In our home, we don’t watch television much and there are many days where the boys don’t watch it at all. On Friday morning, I woke and got straight to work posting our Christmas Giveaway. The boys were still sleeping and I was sitting at the computer with a cup of coffee on WordPress, finishing things up. I’m honestly not sure if the event occurred before or after I posted the giveaway, but I want you to know that I would never have posted it had I known what was going on. I wouldn’t have felt right about that. Once I published the giveaway, I walked away from the computer, the boys woke and we went about our day. I found out what was going on in Sandy Hook later than most probably did and I found out through Facebook posts, not the news.
When I heard a few unfathomable details, Rocco was awake from his afternoon nap and I made a conscious decision not to turn the television on. I know the affect that television has on Rocco. He’s quite aware and understands what he’s watching. In the past, some news stories, commercials, movie trailers and whatnot have led to him having nightmares. I didn’t want him to see or hear anything. In my opinion, this event is too much for 3 & 4 year olds unless they are directly involved and need explaining from their parents. In my opinion, it’s too much for their 3 & 4 year old eyes, their ears and their hearts. And I knew that if Rocco heard the words, ‘School, Shooting, Children, Gunman, Murdered’ it would place a lot of fear in him. As it is, I realized that I didn’t even know how our school goes about locking down after we leave our children. I was fearful.
I have to admit, on Friday, I didn’t know much or many details about what was going on because I never once turned on the television and only got bits and pieces through Facebook. I was with the kids and didn’t want images on the computer or the television and didn’t want to be glued to my phone either. I prayed throughout the day… and prayed… and prayed some more. In my head, in my heart. When Brian came home from work that evening, we sat at the table and he said, “And let’s pray for the children that…” I stopped him. “Eh! Eh! Eh!” I said. “We’re not going to talk much about that.” I said. I believe that God hears our hearts and sees our thoughts and I didn’t want to lift any details of the tragedy up to God at the dinner table, in front of our 3 & 4 year old. Brian and I prayed for those precious children and their families without the kids hearing.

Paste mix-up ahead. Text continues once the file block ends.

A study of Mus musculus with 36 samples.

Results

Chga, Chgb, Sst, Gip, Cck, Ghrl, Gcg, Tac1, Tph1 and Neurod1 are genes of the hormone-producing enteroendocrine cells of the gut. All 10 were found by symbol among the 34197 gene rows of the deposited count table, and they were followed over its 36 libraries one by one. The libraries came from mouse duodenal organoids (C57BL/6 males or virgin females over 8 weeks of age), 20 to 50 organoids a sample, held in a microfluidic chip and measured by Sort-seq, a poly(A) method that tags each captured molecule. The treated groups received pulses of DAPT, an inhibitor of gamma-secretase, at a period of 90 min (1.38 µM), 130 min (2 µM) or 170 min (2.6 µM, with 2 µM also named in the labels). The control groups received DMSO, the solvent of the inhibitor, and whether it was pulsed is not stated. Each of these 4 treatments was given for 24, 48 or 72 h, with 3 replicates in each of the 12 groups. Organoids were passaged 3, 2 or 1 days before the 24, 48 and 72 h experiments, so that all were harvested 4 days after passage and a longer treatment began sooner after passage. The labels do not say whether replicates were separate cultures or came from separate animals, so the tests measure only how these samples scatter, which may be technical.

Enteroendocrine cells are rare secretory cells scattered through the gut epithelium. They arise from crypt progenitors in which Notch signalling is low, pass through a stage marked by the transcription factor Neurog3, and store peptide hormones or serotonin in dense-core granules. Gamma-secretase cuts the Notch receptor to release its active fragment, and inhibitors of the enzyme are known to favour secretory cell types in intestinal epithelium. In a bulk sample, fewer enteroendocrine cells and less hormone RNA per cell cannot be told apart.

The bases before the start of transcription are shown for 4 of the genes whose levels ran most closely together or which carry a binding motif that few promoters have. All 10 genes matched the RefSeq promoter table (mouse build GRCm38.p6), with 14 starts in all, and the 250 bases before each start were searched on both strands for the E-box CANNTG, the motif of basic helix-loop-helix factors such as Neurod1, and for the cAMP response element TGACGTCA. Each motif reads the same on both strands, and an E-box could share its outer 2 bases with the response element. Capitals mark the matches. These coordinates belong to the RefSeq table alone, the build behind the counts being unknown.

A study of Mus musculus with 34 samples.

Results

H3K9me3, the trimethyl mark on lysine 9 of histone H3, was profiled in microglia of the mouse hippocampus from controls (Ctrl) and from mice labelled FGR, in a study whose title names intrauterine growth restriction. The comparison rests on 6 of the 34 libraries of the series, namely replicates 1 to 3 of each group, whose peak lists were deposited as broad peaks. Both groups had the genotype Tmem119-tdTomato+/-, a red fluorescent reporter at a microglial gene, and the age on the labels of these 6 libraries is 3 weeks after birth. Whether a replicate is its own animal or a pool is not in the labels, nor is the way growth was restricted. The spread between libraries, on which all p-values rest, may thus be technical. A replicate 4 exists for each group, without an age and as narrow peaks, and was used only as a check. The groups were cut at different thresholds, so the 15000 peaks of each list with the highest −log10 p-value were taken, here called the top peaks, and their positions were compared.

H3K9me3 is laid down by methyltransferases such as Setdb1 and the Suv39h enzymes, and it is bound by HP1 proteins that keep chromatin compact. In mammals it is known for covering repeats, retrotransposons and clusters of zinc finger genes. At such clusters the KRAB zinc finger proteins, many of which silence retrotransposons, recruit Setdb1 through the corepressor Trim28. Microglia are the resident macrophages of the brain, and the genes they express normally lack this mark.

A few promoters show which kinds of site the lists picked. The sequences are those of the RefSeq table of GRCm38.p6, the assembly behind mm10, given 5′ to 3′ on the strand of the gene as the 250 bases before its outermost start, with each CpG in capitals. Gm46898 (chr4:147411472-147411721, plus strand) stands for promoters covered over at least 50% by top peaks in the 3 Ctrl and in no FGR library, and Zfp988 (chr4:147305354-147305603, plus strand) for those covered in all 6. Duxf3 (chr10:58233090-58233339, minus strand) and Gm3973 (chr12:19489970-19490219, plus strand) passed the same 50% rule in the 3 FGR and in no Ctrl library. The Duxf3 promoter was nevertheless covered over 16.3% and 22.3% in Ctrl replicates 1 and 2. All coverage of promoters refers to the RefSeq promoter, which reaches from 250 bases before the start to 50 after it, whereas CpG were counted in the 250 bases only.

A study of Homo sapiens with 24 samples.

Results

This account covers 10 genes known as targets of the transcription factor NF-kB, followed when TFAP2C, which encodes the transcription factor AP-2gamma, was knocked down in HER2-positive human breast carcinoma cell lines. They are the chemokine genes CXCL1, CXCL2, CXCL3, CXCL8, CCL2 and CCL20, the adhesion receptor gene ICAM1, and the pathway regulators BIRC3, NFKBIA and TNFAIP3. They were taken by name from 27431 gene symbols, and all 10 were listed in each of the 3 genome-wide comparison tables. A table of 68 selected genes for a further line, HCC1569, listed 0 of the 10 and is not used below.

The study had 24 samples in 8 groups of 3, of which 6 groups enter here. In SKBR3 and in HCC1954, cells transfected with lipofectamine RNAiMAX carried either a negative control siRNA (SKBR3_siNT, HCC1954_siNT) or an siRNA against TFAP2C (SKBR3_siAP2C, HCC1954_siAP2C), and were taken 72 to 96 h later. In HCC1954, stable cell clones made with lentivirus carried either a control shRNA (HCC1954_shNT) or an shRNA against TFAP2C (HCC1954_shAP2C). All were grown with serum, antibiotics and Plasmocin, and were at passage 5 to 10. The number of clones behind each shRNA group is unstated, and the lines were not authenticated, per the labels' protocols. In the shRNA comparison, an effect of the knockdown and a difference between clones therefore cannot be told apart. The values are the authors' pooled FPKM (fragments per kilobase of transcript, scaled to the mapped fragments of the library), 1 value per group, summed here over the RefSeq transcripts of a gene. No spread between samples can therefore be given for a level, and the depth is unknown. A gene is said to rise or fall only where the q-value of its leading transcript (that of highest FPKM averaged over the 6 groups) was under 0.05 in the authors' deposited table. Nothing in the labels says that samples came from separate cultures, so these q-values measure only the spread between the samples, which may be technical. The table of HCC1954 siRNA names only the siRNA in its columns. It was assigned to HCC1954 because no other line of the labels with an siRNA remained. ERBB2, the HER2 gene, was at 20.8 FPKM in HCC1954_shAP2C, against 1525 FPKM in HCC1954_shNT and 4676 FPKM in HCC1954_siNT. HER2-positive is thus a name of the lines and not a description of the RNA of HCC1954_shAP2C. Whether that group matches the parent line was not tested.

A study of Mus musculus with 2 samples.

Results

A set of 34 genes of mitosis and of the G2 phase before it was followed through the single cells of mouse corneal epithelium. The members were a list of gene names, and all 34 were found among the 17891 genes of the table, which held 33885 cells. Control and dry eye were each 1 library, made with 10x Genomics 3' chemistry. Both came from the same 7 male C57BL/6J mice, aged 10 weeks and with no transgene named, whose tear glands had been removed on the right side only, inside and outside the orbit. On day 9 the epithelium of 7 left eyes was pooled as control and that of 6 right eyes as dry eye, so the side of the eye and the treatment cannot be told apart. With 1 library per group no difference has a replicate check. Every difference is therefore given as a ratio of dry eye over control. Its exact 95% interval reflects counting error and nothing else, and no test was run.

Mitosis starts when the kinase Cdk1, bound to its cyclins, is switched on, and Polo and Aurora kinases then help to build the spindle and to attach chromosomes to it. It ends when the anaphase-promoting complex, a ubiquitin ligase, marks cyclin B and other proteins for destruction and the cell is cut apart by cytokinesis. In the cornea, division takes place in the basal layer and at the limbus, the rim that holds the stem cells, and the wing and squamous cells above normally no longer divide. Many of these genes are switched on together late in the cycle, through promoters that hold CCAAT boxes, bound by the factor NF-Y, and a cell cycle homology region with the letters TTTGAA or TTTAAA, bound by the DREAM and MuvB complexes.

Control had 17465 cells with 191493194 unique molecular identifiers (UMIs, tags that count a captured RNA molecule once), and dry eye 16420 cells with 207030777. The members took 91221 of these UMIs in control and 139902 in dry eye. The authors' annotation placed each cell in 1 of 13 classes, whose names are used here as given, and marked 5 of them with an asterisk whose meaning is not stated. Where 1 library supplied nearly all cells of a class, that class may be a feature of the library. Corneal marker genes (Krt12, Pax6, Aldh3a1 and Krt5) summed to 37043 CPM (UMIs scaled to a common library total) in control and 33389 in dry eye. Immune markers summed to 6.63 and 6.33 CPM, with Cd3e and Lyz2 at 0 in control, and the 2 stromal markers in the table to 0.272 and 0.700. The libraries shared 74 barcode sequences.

On Saturday, the boys and I attended a Christmas brunch with my niece; she’s 6 and it wasn’t until then that this tragedy hit home for me. I kept thinking, ‘Oh my goodness. Wow. Those children were her age.’ I found myself watching her close that morning, hugging her extra tight and taking sweet pictures of her beautiful face while it was being painted at the party. She is so young. So innocent. I can’t even imagine. My heart was so heavy for the parents who would no longer be able to have those precious moments like I was having that morning. Right before story-time, the gentleman leading it wanted to take a moment of silence for the victims and their families. He started talking a little bit about it with very few details but I grew fearful of what he would say. Our kids are only little for so long and they only see the good in this world for a few short years before understanding and witnessing the bad in this world.
By the time we got home, there were many articles, stories, photos, opinions, prayers, etc. being posted on Facebook. I was so deeply saddened. All day and all night I couldn’t stop thinking about those children and their poor parents. I would tear up at every story I read and photo I saw on Facebook. I hugged and kissed our kids so much until they begged me to stop. I rubbed their cheeks and combed my fingers through their hair.
On Sunday, I learned that I can’t shield our kids from the world no matter how hard I try. During the Steelers Game, they cut to a news story of the tragedy and just like that, the words, “Gunned down, shooting, school children, classroom, teachers…” were all said within 45 seconds and pictures were flashing on the screen while the man was talking. And there, right in front of the television were my 2 precious boys staring with big brown eyes at the television. I ran to the remote and changed the channel and wouldn’t you know, ‘A Christmas Story’ was what I turned to and as soon as the screen changed, Ralphie (the little boy) was shooting his gun at robbers and they were each falling to the ground 1 by 1. I changed the channel again, looked at Brian and whispered… “This is unreal! Of all parts to come in on… THIS!” Rocco’s eyes were wide. He didn’t move from the tv during the scene. We went back to watching the Steelers Game. I didn’t how to cope with them hearing / not hearing about the Sandy Hook Tragedy. I touched the FB app on my iPhone while the boys were watching the game and that’s when I saw this:
I understand that there are parents who need to tell their children about this event and I’d even encourage you to read a few articles about ‘How To’ talk to them before doing so. This is a good one I found from CNN and I’m sure there are many more. I made the decision to not tell our little ones about Sandy Hook because I don’t feel they are of age. Their school is as safe as we make it and I need them to feel safe there. If I ever need to talk to Rocco about this because of something he may hear, I found a list of scriptures (From: Mom of Boys Society) that I know will guide me through conversation…
Prayer & Scripture will get us through. It always does.